Face the Facts: Family Caregivers Work

An Office Worker Dresses the Part

Here we go again. More black-and-white confirmation that elder responsibilities often negatively impact both employees and companies. A new fact sheet out from the AARP Public Policy Institute, in chilling percentages, shows the enormity of the issue and the need to implement or enhance workplace programs.

Let me lay it out. Here are the statistics I found particularly revealing:

  • 61 percent of family caregivers age 50-plus work either full-time (50 percent) or part-time (11 percent).
  • 42 percent of U.S. employees have cared for an older relative or friend in the last five years.
  • 45- to 64-year-olds make up the biggest age group in the workplace to care for a parent (22 percent).
  • 19 percent of retirees stopped working because of elder care.
  • 68 percent have had to make work accommodations (taking time off, coming in late, leaving early, refusing a promotion, reducing work hours, changing jobs, quitting altogether).
  • Female caregivers age 50-plus who stop working to care for a parent lose an average $324,044 in wages and benefits over the course of their lives versus $283,716 for men. Even reducing hours can affect their career and future financial security.
  • Low-income employees, minorities and women are most likely to have to make work changes because of elder care.

Now, getting down to business. It's expensive for employers to ignore the needs of caregivers and not do everything to make it easier for them.

Altruism aside, elder care programs (on-site support groups, discount backup home care, referrals to community caregiving resources) boost productivity, employee retention and health while reducing stress. (Read the Society for Human Resource Management's suggestions.)

So do flexible work arrangements, family leave and paid sick days. Offering these alternatives also will make a company more attractive to new work prospects and help retain current employees.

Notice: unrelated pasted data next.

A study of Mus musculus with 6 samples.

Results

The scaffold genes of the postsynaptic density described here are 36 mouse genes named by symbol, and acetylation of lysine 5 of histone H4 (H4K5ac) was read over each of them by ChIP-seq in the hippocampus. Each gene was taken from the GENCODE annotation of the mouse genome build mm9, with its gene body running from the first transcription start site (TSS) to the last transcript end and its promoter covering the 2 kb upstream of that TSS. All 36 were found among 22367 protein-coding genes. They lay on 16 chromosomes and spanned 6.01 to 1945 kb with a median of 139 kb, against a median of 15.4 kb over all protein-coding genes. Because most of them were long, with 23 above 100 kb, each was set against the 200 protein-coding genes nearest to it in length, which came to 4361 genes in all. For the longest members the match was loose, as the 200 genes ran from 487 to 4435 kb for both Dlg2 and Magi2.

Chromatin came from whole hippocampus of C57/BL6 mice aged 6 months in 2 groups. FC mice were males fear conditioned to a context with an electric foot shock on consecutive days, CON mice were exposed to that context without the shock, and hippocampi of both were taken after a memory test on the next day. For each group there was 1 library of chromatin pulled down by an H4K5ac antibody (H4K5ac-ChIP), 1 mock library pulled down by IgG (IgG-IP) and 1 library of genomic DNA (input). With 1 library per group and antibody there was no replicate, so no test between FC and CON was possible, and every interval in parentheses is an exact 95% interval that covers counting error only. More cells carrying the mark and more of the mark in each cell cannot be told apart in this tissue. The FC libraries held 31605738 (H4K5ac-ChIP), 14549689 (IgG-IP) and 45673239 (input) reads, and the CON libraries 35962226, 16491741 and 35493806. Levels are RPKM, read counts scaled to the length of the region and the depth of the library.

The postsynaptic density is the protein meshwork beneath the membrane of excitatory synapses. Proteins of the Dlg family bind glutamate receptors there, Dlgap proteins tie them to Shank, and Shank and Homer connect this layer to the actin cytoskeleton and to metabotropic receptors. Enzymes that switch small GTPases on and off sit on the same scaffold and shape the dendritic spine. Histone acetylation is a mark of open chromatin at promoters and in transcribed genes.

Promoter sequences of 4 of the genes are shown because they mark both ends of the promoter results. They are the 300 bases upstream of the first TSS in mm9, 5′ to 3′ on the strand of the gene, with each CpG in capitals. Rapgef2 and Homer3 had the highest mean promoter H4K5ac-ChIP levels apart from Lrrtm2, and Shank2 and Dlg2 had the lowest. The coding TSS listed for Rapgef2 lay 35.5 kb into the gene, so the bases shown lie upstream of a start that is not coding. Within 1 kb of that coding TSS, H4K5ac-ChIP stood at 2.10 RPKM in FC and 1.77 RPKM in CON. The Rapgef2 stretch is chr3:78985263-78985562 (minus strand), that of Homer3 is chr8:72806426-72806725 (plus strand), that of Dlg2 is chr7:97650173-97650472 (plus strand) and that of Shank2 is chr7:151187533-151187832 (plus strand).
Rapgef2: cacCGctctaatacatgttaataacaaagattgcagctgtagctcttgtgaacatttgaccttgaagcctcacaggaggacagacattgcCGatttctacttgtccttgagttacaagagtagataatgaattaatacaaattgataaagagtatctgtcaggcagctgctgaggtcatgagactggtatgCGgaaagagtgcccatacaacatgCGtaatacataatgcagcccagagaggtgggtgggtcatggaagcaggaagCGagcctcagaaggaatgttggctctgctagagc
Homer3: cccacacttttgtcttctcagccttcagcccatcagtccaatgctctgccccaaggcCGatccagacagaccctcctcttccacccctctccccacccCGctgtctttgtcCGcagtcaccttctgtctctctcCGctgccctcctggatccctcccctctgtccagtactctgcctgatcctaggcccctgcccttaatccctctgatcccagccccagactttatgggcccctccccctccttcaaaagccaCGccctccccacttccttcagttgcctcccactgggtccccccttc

If those suggestions don't do the job, here are two that will:

  • Full-time caregivers cost U.S. business around $33.6 billion annually in lost productivity.
  • Companies pay 8 percent more in health care costs for workers with caregiving responsibilities versus noncaregivers, translating to $13.4 billion a year.

You'd think it would be a no-brainer for employers. What do you think is holding them back? I'd love your opinion.

Follow Sally Abrahms at www.sallyabrahms.com or on Twitter

Photo by Michael Pujals courtesy of Creative Commons

Search AARP Blogs

Related Posts
February 04, 2016 09:00 AM
When Dad was diagnosed with Alzheimer’s disease, I knew he would need all of his senses to help interpret the world around him and balance his changing cognitive abilities. But he has hearing impairment and limited vision (glaucoma plus visual-processing problems associated with Alzheimer’s). Even though there is only so much I can do about the visual issues, I assumed  hearing aids would solve his auditory problems. I was wrong. The good news is that we eventually discovered a surprisingly simple solution.
February 01, 2016 10:00 AM
The phone rang one day when I was at work. It was my mom. “Come right away, Elaine, we need you,” she said. Mom had just driven Pop to the emergency room. I knew Pop must have been very sick, because Mom hadn’t driven a car in years.
January 21, 2016 01:00 PM
I have been both a live-in caregiver and a long-distance caregiver. In fact, currently, I’m really both. My dad lives with me (as do my sister and her two sons at the moment), and I also travel for work, about a week every month. I’ve learned to manage my loved ones’ care no matter where I am. Here are some of my tips for other long-distance caregivers.